Women today are involved in the business world like never before, from serving as the primary breadwinners in their families to becoming entrepreneurs by launching their own companies – a bullet that 25 million Americans have bitten over the last two years, according to Babson College. The latest feather in the cap of women? Filling more than a third of recently vacated board seats among S&P 500 companies.
"Women filled 36% of open board seats in 2017."
Last year, approximately 400 board of director seats became available for businesses that comprise the S&P 500 Index. Of these, women were selected to fill 36 percent of them, Bloomberg reported, based on data tallied by executive search and leadership consulting firm Spencer Stuart. In fact, when paired with ethnic minorities, women and people of color represented a majority of the open S&P 500 board seats that opened in 2017.
Spencer Stuart's Julie Dahm, who leads the North American division of the global executive recruitment firm, told the news agency that women are clearly ascending the ladder of recognition and success.
"It's a step in the right direction, for sure, and it's the first time we've gone over 50 percent," Dahm explained. "Boards are looking for people who are younger and with different skill sets and that does open the boardroom for more women and minorities."
Revenues have doubled for women business owners
Women's representation in the entrepreneurial universe seems to be growing at an unabated rate. For instance, since the late 1990s, women-owned businesses have more than doubled – up 114 percent – while their revenues have flourished by 103 percent, according to numbers released late last year by American Express. Based on U.S. Census data, women-owned businesses now number in excess of 11.6 million, providing gainful employment to roughly 9 million people.
Janice Reals Ellig, CEO of the Ellig Group, told Bloomberg that women are assuming larger and more high-profile positions in virtually every industry.
"There's a momentum that's really occurring and you see it in the papers, you see it in the press, you see it on [television], you see it all over, " Ellig noted. "So it really is a business imperative."
Advocates contend that room for improvement still exists, however, noting women make around 70 cents for every $1 men earn. But a growing percentage of people believe that pay parity will narrow in the not-too-distant future. Indeed, in a poll released by Bank of America this past summer, more than 50 percent of the 1,000 small-business owners polled said they expect women will be paid just as much as their male counterparts who are employed in similar positions and may even pass them by in terms of leadership on executive boards or councils.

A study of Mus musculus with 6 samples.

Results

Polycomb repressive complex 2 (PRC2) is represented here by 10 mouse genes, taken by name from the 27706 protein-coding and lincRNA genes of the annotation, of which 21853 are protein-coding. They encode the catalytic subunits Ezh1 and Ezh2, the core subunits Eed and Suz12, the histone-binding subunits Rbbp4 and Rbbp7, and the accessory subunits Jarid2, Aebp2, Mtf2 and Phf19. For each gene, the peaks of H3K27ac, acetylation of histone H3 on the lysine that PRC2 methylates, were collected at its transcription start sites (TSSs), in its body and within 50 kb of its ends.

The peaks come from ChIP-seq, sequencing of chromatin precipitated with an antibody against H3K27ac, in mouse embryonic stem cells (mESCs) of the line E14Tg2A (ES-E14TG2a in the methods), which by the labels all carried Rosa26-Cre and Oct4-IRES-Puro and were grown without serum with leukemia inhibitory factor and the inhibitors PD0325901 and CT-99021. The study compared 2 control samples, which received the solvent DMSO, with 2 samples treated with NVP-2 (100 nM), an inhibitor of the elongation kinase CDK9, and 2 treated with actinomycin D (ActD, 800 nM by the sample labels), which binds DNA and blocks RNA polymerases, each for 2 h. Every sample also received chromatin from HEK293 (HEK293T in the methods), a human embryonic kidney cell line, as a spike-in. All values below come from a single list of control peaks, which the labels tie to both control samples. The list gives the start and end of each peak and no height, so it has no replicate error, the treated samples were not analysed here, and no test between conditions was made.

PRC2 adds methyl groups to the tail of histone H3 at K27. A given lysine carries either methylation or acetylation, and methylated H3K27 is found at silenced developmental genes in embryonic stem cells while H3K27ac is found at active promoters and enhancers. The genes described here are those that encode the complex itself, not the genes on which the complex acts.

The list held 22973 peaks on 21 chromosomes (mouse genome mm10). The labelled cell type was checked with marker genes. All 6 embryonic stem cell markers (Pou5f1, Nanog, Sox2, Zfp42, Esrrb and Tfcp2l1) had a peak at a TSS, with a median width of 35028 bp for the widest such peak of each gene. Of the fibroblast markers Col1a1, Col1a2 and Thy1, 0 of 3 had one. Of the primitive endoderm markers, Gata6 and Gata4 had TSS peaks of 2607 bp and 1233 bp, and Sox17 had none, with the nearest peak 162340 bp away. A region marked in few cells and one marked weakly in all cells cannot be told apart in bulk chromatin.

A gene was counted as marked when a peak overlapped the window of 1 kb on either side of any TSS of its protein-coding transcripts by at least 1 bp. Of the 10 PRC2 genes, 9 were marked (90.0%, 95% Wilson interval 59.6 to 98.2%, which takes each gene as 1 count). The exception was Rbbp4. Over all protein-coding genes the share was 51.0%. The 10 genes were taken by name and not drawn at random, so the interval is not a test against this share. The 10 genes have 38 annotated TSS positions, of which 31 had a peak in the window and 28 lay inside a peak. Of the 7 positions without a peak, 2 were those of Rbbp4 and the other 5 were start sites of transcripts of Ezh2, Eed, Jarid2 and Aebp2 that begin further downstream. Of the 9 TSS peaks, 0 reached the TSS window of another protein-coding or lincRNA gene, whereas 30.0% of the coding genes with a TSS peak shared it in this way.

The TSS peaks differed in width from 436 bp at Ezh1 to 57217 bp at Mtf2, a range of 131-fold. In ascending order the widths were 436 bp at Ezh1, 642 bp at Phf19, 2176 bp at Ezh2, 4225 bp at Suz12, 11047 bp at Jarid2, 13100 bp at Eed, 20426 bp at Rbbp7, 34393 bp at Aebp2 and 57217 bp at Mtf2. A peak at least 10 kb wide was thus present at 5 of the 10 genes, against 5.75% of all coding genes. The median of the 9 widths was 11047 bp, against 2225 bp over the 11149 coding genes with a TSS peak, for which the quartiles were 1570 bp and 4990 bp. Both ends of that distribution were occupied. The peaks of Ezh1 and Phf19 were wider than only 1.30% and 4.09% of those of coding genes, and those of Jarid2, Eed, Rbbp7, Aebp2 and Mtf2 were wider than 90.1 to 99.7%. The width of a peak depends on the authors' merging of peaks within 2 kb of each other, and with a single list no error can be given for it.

As for their continued ascendance among S&P 500 companies, turnover on corporate boards is notoriously slow, so the strides women have made recently potentially would have been made sooner, Bloomberg reported. In 2017, for instance, an average of less than one board-of-director seat became available among S&P 500 businesses, based on calculations from Spencer Stuart, resulting in women representing 22 percent of board seats. In 2016, women's representation was 21 percent.
"There's still just very little turnover, so even though the percentage of new directors that are younger and that are diverse has gone up, it's off a low base," Daum told Bloomberg. "There's a high degree of interest in diversity, but it's still very slow change."
15% more women are in construction today than in the 1980s."
Women with double-digit growth in several industries
Certain industries are seeing a rather speedy influx of women representation. These include construction (up 15 percent compared to 1997), arts, entertainment and recreation (12 percent) and other services (12 percent), according to American Express' 7th Annual State of Women-Owned Businesses report. "Other services" include pet care and beauty salons, specifically nail and hair. Of the 11.6 million women-owned businesses in the U.S., approximately 23 percent are in other services, translating to around to 2.3 million.